Monday, December 31, 2012

You snooze, you lose...literally

I'm sure that everyone has heard the phrase "You snooze, you lose". Well those words are truer than you realize. Particularly if you are looking to lose weight and belly fat.  In fact, let's rephrase that by saying "you snooze more, you lose more fat". How about that? :)

There is existing and current research evidence that sleep is a crucial factor in controlling your weight.  Just this past year, scientists as the University of Washington studied the effects of sleep habits of of both men and women and the effect of sleep habits on their BMI (Body Mass Index - which is a measure of someone's weight to their height. A lower number means a more healthy and leaner ratio.)

The men and women who reported getting more sleep had a lower BMI number. Which is what you want. It also showed that those people that did not get enough sleep had increased hunger and cravings throughout the day, which as we all know can contribute to expanding waistlines.

Lack of sleep can also cause difficulty in concentrating; reduced ability to cope with stress; Sluggishness during the day; the desire to nap in the afternoon; memory lapses; moodiness; frequent colds and infections; and lack of productivity in work and every day projects.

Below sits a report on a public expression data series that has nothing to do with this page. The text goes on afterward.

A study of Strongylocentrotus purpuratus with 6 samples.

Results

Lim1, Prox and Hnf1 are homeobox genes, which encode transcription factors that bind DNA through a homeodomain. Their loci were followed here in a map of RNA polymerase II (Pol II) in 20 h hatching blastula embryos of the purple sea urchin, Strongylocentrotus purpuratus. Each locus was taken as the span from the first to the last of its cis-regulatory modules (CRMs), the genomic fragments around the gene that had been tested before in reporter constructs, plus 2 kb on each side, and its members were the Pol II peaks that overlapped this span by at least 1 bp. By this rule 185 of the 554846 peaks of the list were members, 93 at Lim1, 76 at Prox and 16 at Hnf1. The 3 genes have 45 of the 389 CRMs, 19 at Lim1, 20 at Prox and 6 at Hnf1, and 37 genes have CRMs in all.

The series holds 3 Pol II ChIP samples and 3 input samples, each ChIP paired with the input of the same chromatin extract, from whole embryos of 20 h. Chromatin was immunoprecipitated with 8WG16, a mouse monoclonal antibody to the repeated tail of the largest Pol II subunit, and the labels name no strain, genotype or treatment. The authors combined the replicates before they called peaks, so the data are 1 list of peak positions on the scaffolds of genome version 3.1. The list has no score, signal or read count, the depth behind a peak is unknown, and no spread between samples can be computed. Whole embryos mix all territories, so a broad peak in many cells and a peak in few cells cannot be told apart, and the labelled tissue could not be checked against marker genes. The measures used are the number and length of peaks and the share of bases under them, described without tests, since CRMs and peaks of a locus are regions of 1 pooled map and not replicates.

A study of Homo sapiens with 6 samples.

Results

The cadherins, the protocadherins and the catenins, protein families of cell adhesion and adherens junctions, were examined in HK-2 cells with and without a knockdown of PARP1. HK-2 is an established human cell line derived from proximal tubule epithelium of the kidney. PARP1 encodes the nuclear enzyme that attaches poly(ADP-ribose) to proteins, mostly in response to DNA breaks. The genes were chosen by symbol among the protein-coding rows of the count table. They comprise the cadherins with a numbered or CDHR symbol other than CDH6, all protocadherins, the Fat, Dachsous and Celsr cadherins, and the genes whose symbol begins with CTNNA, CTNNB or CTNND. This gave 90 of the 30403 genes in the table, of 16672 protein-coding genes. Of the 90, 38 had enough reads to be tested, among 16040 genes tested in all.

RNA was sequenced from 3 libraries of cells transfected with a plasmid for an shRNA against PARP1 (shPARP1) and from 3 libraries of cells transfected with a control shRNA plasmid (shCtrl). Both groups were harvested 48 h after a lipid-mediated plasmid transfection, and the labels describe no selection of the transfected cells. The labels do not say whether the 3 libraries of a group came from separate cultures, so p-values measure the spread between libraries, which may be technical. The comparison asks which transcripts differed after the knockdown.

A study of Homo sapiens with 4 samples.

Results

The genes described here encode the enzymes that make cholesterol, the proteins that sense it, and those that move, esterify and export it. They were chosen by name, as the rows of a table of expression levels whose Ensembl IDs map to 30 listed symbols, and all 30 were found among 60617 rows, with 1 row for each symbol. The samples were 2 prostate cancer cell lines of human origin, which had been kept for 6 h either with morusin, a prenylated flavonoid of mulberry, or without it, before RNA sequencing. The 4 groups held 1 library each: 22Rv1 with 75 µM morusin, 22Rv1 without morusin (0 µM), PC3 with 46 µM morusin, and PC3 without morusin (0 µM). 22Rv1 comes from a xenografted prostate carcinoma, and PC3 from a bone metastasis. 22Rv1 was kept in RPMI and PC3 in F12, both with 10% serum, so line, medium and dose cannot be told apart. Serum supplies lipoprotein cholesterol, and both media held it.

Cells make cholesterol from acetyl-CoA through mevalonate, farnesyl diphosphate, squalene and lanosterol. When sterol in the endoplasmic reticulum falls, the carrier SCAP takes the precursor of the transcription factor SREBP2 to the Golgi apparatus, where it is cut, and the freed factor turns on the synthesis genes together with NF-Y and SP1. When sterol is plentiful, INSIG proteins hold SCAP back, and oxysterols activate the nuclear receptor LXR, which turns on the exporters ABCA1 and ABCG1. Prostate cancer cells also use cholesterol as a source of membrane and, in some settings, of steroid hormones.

So before you ditch that extra hour of sleep to dash off a few more emails or finish that project or report you are working on. Or stay up a 1/2 later to watch a TV show or to organize your to do list for the next day. Think about how much easier tomorrow will be if you get that sleep. If you have trouble falling asleep try these tips to help you get back on track.

1) Sleep in complete darkness. Even a small amount of light has been shown to reduce a key sleep hormone called melatonin. Banish the bright lights of your alarm clock and put up some blinds or blackout curtains for your windows.

2) Avoid "blue" light leading up to bedtime. Light from your computer screen, TV and most overhead lights is in the blue spectrum. Your brain reads this as mid-day light and it inhibits the hormonal "wind down" before bed. So turn off the electronics an hour before bedtime and keep lights dim.

3) Stay cool. Your bedroom temperature should stay around 70 degrees Fahrenheit. This mimics your body's natural night time temperature and improves sleep quality.

4) Maintain a bedtime ritual. Come up with a ritual or routine that leads up to lights out and stick to it every night. It will help you unwinds and is a signal to the body that sleep is near.

5) Exercise! Yes, exercise. Studies have shown that people who exercise fall asleep faster and stay asleep faster. But try not to exercise right before bedtime.

Here's to better sleep and better health!